After writing his history of the Peloponnesian War, the ancient Greek historian Thucydides declared his work to be “a possession for all time.” In doing so, Thucydides affirmed that the need to organize and preserve the defining events of human existence would exist regardless of time and location. Who then is to be entrusted with such a responsibility in today’s world?
It is my conviction that museums occupy a crucial space, one that stands at the intersection of the past, present and future. This is what museums mean to me. Of all societal institutions, museums, be they dedicated to history, art or science, are the most personal, the most intimate and the most human. My time as a collections management intern at the Napa Valley Museum has truly been both revelatory and rewarding.
Despite the often-silent galleries, I see now that any functioning museum resembles a living, breathing organism. From collections to marketing to curating to fundraising, a museum is a collective body composed of many different parts. Perhaps the single most fulfilling characteristic of my internship was the opportunity to experience all areas of museum work.
I was reassured on my first day when the museum told me of their commitment to teaching and responding to the needs of its interns. This was reaffirmed every time I entered the museum. Each staff member not only consistently took the time and effort to teach me about their individual responsibilities, they did so with enthusiasm and grace. As I apply to graduate programs in museum studies, I feel armed with the invaluable experience in multiple fields of museum work that this internship has provided.
Somewhere in the United States a museum intern has been retrieving coffee for their boss for the past three months, meticulously monitoring how much cream and sugar to dispense. I was not that intern. The Napa Valley Museum entrusts their interns with great responsibility, most notably with the assignment of a unique creative project. I was fortunate to be placed in charge of the research, design and production of an exhibit entitled The History of Napa Valley in 25 Objects. As a history student, I was excited about this new challenge. The rich design process quickly eclipsed the one-dimensional demands of the monotonous position papers that I encountered throughout my undergraduate education. Standing back and looking at my finished product, I love the fact that exhibit design includes the best of both analytical thinking and material production. The project required me to use my intellectual capacity to research and write, as well as to explore and interact with the collections department.
One of the most memorable moments of my individual project, and of my entire internship, was investigating a single object for my exhibit. In my attempt to procure an item related to the infamous 1969 Zodiac attack at Lake Berryessa, I was referred to Sgt. Mike Collins with the Napa County Sheriff’s Office. The only Napa detective currently assigned to the still-open Zodiac investigation, Sgt. Collins graciously invited me to meet him at his office. Although he was legally unable to loan any piece of evidence, since it’s still an open investigation, Sgt. Collins spoke with me for nearly two hours about the history of the case and its legacy in the Napa Valley.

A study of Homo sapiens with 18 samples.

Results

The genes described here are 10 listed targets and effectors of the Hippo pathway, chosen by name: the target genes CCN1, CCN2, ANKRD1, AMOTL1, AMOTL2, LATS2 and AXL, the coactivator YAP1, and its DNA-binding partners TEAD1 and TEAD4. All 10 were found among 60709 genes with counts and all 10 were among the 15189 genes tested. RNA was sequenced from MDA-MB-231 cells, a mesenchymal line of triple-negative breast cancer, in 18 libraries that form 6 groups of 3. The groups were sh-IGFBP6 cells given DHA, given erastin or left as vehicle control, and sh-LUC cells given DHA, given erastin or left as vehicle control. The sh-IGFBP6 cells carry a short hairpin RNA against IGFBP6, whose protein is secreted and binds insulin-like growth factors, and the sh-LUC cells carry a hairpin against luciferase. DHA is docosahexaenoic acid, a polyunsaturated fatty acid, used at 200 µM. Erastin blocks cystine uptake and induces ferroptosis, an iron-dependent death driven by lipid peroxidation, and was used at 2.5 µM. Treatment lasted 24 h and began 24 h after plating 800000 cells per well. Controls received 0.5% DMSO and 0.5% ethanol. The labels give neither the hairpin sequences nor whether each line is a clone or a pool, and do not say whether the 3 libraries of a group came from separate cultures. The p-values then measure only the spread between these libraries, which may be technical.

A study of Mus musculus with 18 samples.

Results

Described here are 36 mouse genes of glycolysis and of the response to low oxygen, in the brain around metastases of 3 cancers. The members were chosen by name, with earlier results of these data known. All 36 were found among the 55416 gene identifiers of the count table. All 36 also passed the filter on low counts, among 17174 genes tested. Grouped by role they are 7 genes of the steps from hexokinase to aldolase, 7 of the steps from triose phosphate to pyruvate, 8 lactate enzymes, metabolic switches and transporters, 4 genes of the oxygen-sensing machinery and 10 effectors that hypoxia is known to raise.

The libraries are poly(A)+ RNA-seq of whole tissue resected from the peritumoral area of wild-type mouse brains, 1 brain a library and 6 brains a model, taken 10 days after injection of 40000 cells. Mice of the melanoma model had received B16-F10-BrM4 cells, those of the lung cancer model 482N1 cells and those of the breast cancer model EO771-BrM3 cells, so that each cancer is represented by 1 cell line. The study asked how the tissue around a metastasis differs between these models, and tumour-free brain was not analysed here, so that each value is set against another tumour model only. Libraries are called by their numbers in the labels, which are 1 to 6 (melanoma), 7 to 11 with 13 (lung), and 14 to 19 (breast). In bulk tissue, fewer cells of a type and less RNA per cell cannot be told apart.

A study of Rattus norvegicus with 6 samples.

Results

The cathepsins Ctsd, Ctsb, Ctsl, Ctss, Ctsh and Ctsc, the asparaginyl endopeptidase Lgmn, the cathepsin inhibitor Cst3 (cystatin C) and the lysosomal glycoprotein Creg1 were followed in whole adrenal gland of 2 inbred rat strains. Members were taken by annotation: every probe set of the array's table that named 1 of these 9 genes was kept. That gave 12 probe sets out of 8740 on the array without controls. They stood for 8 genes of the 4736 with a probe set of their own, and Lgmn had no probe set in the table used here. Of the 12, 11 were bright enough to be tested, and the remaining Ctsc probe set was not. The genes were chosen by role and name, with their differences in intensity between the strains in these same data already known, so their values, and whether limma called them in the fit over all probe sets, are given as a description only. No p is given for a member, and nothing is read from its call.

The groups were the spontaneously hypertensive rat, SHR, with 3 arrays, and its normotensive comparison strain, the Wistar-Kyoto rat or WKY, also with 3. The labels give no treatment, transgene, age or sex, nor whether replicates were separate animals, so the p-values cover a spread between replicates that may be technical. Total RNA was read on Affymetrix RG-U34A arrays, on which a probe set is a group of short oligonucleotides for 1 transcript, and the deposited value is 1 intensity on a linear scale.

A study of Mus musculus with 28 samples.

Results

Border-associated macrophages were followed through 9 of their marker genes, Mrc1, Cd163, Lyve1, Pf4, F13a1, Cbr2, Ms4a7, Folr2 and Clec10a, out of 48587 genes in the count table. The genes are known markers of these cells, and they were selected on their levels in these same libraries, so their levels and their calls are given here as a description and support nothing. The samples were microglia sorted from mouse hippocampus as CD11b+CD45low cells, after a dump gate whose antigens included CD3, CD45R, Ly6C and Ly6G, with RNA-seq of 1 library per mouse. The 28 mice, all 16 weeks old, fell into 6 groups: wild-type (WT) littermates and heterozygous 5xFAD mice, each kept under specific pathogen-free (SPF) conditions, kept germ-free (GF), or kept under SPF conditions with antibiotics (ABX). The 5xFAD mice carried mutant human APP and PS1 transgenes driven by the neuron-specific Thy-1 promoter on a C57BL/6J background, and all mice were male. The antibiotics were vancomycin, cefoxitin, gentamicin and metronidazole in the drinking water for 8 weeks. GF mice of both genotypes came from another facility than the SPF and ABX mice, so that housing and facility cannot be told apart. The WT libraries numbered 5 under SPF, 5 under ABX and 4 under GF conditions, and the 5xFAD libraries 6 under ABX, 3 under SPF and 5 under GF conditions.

A surreal moment even occurred when Kathy Narlow, daughter of the late Ken Narlow, who was the lead Zodiac investigator from 1969 to 1987, walked into the office. I felt an intimacy with this haunting yet intriguing time in Napa history as I listened to Ms. Narlow recall growing up around the Zodiac paranoia and Sgt. Collins’s discuss his experience as the sole investigator of such a prominent unsolved case. Even though I left without an object for my exhibit, my research experience was the true reward. My interaction with history had transcended the mere reading of a book. I felt a visceral connection to the past and had experienced just how human the study of history can be. All of this was possible, thanks to the Napa Valley Museum, and the responsibilities and resources that the staff bestowed upon me throughout my internship.
Three months ago, I drove from Houston to Napa for my internship with the Napa Valley Museum. Even though I was equipped with a budding interest in museum work, I had little idea about what to expect. As I pack up my car and head back to Texas, I leave with much more than a new line for my résumé.
My time with the Napa Valley Museum has been a profound education in the many dimensions that lie behind a successful museum. I have only grown in my passion and desire to work in the museum industry, and I credit this internship with expanding my intellectual horizons. The Napa Valley Museum has the genuine ability to develop the fullest potential in its interns. Looking forward towards graduate school and my career, I am not sure what the future holds for me. What I do know is where I have traveled, and I can confidently say that my Napa Valley Museum internship has been one of my life’s seminal and most stimulating experiences.